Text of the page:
Dr Amanda Seims from the Centre for Men’s Health at Leeds Beckett has conducted research into the impact of participation in competitive tournament paintball on health and wellbeing.

Commissioned by the UK Paintball Sports Federation, Amanda, along with her colleagues Professor Alan White from the Centre for Men’s Health and Dr Simon Rowlands from the Health Promotion team, created a questionnaire which asked players to consider their current situation and reflect back to their life before becoming a competitive player.

A total of 300 players completed the questionnaire, with 93% of the 247 who stated their gender being male. Many players reported a positive change in harmful lifestyle behaviours related to smoking, alcohol consumption and diet since becoming a competitive player, with all but one smoker reporting a reduction or cessation of smoking. Increased fruit, vegetable and water consumption were frequently mentioned. As men are typically more likely to engage in unhealthy lifestyle behaviours, particularly smoking and harmful alcohol consumption, the positive changes in this predominantly male group are very encouraging.

The changes in lifestyle behaviours, alongside positive changes in exercise behaviour, related to a desire to improve aspects of fitness for game play, and commitment to their paintball team. Two thirds of players reported noticing changes in their body, with weight loss and improved muscle tone noted as well as perceived improvements in cognitive and mental aptitude and skills. Significant improvements were noted for players’ rating of physical and psychological wellbeing, social capital and quality of personal relationships.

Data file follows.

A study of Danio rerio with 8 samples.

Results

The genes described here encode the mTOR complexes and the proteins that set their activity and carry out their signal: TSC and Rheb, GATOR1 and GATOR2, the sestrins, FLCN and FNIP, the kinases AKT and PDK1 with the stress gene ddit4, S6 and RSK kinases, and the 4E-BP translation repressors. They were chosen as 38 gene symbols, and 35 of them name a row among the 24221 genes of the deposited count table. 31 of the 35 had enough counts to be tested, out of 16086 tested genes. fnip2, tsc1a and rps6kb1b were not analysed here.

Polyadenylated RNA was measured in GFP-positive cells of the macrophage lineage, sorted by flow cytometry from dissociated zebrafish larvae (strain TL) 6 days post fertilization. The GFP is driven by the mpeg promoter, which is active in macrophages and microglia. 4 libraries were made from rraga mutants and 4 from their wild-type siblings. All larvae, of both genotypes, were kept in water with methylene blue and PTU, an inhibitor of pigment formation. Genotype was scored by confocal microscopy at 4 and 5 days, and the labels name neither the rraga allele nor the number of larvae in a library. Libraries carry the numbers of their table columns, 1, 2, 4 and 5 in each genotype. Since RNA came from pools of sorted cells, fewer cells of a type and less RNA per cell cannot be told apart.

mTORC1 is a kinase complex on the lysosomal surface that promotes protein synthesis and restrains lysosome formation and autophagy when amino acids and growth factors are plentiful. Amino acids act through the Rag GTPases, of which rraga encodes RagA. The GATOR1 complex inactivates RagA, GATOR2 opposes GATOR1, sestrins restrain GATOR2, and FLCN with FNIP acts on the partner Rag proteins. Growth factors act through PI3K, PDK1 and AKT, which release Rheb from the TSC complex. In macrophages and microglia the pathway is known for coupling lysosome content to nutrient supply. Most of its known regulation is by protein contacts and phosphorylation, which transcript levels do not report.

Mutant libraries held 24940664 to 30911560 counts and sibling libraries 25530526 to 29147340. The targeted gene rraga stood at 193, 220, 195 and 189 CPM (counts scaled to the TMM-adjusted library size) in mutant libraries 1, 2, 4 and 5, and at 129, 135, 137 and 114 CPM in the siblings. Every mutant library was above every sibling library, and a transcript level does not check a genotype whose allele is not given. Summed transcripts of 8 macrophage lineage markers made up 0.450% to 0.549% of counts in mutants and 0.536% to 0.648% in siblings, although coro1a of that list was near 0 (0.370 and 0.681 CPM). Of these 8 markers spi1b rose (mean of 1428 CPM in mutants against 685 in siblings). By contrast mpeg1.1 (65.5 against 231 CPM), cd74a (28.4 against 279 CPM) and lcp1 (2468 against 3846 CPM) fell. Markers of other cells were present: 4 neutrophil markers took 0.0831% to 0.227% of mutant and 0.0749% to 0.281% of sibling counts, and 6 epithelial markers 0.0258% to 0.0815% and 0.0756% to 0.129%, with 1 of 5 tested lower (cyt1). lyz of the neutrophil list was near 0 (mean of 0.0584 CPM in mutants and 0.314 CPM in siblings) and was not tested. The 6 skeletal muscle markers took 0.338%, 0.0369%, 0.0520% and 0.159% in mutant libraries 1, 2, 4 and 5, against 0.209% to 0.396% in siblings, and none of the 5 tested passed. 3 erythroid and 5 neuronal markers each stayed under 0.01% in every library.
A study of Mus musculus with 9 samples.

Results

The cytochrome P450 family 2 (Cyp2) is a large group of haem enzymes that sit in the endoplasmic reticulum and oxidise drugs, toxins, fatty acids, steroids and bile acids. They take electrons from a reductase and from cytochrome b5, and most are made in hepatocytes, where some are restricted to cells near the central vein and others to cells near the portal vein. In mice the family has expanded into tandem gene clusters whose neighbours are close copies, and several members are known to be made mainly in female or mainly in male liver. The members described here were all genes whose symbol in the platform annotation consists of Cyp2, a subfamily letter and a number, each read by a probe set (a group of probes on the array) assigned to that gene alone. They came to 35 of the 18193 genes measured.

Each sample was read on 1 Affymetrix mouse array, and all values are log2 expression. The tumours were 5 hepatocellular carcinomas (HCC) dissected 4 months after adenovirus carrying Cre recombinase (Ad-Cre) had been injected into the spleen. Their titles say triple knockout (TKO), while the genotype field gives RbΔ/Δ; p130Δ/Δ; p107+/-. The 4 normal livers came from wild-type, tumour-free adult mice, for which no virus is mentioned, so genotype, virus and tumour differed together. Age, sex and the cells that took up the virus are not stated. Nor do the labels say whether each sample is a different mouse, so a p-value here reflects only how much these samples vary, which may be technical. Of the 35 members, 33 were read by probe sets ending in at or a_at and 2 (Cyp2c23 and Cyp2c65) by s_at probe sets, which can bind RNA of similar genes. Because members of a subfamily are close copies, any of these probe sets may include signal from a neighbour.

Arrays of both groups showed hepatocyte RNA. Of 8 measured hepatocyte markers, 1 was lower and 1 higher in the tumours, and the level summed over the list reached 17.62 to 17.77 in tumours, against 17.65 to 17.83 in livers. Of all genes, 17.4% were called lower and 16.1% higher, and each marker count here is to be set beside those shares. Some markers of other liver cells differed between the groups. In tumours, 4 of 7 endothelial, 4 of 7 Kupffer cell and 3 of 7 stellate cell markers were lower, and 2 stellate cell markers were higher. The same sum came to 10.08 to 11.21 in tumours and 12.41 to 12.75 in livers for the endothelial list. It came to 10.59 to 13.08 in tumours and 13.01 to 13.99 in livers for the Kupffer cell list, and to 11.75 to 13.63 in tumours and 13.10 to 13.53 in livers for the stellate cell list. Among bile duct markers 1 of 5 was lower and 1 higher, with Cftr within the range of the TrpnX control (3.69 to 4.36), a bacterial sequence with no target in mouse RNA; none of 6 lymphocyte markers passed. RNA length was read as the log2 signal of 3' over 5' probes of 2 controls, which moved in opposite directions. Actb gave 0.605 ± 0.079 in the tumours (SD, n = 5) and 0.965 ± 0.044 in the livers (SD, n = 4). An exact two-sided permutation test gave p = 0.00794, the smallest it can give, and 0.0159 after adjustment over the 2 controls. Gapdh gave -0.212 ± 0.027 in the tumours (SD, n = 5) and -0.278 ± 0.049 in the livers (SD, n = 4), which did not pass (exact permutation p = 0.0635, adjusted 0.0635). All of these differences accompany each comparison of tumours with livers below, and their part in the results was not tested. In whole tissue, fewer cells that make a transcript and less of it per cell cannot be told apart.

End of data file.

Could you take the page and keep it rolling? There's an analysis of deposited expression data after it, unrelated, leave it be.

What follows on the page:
Just over half of the players had not been involved in competitive sport in the past 3 years which suggests that paintball offers something different which has the potential to engage those who were not previously engaged in sport.

Further data are set to be collected at a paintball tournament training weekend in Penkridge, Stafford. Dr Seims and Dr Rowlands plan to interview ten competitive paintball players to probe further into the impact of tournament paintball on health and wellbeing, general lifestyle behaviours and social capital. In addition to this information, Dr Matt Barlow from the Carnegie School of Sport aims to quantify the physical demands of tournament paintball using global positioning system (GPS) derived measures such as total distance covered, time spent in maximum and average velocity and time spent in different velocity zones. 

Photo used courtesy of Ryan Woods at Blitzed Media.